In a year when yet another music magazine (Spin) published its last print edition, rock—perennially pronounced dead—was reborn: Bruce Springsteen returned with a collection lamenting our collective loss as effectively as he once celebrated our liberation; Bob Dylan was mining similar territory, albeit with slightly less success; and a host of younger bands defined and re-defined the form for another generation. Electronic dance music ruled (after two decades on the fringes) with a number of bands and singers blurring the lines between dance and rock re-energizing both (Ron Aniello’s contemporary production techniques pushed Springsteen beyond his comfort zone and energizing him.)
After reading the outraged reactions to Rolling Stone’s recently published list of the Fifty Best Albums of the Year, I decided to put together my own list of some of the albums I (and many of our listeners at WUTC) listened to more than most in the past year. It’s not a Top 10 (or 20, or 50)—that’s a term which has become increasingly meaningless as the lists move further away from ranking the selections based on either sales or popular votes. What one or more experts rank as the best albums of the year may well be interesting to the people who know them or rate their opinion, but for most of us they’re largely a topic for debate, annoyance and even outrage, mostly from younger listeners berating their out-of-touch elders.
Springsteen’s album, Wrecking Ball, rated by Rolling Stone as the No. 1 album of the year, is a masterwork from a man whose best work has always drawn on his blue-collar roots. Despite his well-heeled insulation from the everyday problems most of us share, he’s remains rooted in the working class world he knew growing up. He’s a 21st century Woody Guthrie (part of relatively well-heeled middle-class family until his father’s business failed) with a clear-eyed take on the unbridled greed that continues to threaten most of us. In the opening song (often as misunderstood as the earlier “Born In the USA”) he curses the lassitude that left so many stranded—“From the shotgun shack to the Superdome / We yelled ‘Help’ but the cavalry stayed home.” But by the second half of the album—his anger largely dissipated, his characteristically cautious optimism rooted in his faith in his countrymen returning—he sings: “I said, this train, dreams will not be thwarted / This train, faith will be rewarded.”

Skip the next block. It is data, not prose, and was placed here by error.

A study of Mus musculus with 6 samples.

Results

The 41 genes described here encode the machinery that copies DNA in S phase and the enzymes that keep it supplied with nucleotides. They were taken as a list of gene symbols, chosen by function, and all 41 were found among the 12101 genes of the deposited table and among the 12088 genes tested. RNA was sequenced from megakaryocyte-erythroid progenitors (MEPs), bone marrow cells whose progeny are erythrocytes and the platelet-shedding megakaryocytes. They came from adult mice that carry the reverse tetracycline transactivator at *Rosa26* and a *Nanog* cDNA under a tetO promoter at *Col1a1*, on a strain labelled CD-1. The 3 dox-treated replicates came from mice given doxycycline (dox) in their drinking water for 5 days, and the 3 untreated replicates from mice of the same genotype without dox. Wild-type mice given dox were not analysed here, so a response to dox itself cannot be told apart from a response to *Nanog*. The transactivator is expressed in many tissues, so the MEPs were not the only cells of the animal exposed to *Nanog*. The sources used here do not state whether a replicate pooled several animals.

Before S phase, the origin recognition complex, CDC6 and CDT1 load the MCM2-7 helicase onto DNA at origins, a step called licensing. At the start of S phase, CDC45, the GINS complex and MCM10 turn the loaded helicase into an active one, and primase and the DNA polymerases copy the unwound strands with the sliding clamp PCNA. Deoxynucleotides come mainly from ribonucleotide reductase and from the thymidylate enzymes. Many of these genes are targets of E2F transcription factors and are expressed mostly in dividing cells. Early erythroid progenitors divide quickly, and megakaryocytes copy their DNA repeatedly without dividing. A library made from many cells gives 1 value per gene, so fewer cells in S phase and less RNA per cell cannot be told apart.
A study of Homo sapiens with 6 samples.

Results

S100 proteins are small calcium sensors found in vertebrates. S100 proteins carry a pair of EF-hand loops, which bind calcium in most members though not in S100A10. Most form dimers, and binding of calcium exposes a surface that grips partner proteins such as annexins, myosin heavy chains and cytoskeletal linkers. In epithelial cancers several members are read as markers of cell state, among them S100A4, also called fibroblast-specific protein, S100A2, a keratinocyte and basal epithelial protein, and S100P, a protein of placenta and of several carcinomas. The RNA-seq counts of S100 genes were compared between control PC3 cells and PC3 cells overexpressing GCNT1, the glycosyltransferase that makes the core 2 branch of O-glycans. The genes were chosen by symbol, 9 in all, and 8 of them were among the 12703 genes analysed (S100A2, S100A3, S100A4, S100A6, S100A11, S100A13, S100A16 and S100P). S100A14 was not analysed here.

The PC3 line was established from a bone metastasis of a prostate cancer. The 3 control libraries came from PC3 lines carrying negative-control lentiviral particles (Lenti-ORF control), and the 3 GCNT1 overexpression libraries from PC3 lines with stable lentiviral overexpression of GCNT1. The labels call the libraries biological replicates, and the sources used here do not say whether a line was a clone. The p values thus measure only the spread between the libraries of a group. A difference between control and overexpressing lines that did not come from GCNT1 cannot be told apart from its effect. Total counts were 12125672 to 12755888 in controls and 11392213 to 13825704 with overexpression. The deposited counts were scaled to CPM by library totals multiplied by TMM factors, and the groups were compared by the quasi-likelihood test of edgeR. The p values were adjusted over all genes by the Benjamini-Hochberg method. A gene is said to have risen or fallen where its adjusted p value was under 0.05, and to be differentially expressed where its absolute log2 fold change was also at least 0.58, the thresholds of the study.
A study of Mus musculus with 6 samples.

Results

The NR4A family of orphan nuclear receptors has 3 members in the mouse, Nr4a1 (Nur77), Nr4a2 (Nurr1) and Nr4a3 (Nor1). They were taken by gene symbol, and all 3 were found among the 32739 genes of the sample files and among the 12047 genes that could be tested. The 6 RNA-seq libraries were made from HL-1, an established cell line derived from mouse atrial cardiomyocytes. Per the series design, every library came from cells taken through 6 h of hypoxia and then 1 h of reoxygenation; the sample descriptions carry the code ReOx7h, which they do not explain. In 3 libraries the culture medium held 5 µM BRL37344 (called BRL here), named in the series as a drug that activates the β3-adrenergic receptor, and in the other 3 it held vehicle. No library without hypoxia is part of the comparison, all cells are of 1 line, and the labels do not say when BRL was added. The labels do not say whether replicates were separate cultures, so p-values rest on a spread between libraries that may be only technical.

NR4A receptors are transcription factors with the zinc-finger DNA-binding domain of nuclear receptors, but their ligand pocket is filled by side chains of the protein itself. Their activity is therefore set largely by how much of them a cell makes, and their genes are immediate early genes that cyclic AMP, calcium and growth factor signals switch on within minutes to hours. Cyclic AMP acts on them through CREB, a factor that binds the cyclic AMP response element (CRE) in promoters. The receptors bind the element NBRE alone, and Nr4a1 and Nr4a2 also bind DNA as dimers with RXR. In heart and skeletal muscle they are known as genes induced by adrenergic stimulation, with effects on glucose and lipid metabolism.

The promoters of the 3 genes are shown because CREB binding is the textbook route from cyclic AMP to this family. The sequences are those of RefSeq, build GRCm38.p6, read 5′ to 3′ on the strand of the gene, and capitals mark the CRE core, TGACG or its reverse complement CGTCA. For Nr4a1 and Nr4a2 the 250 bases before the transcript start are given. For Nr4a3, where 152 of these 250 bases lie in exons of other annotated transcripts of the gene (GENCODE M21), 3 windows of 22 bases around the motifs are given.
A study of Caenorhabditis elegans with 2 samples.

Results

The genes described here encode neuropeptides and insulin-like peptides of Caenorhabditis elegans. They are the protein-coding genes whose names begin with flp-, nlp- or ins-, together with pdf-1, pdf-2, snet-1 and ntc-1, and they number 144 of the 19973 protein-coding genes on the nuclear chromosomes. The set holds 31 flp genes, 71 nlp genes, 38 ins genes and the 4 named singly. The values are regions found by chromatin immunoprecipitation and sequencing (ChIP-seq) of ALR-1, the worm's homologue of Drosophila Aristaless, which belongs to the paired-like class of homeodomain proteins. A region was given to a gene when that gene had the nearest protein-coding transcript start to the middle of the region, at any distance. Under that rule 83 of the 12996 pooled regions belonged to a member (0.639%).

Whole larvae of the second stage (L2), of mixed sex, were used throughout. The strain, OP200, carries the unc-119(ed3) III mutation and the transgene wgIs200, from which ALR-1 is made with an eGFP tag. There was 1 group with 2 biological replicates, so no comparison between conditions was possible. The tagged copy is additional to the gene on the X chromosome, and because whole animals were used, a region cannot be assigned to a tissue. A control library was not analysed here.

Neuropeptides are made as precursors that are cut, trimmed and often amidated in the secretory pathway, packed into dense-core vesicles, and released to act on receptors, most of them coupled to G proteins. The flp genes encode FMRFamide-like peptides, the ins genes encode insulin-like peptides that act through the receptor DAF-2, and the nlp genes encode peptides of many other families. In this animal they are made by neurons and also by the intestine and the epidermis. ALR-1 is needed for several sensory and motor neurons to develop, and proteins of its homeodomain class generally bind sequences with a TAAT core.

Other great rock records this year included the newly divorced Jack White’s Blunderbuss. White is out on his own and retooling retro-rockers (“I’m Shakin’”) and creating riffs worthy of his best in “Sixteen Saltines.” Celebration Rock, an album by the Canadian duo Japandroids, also caught many ears with old-school, fist-pumping arena anthems like the Springsteen-meets-The Ramones rocker, “The House That Heaven Built.”
Several of my favorite albums this year melded ’80s synth-pop with 21st-century dance rhythms. The more rock moves from the dance floor the more its essential energy is diluted. Apparently recognizing that Django Django, a young band from Edinburgh in Scotland, mixed Belle and Sebastian and New Order with a dash of T Rex topped by airy Beatle-ish harmonies, creating a seamless collection of catchy, groove-driven pop rockers for its self-titled debut.
Meanwhile on her latest album, Visions, Grimes (the Vancouver-based Claire Boucher) mixed a smorgasbord of sounds, including ’80s synth-pop and Kraftwerk-style robotics with soaring-to-the-rafters, spun-sugar Cocteau Twins-inspired vocals grounded in sturdy muscular rhythms, that made deliciously danceable dream pop.
But perhaps the most adept blend of downbeat electronica and dolorous lyricism since Massive Attack is Cat Power’s Sun. Few would have expected Chan Marshall to release a collection rivaling any other dance-rock release of the year. She did it by bolstering her world weary lyricism with some very funky drum and bass.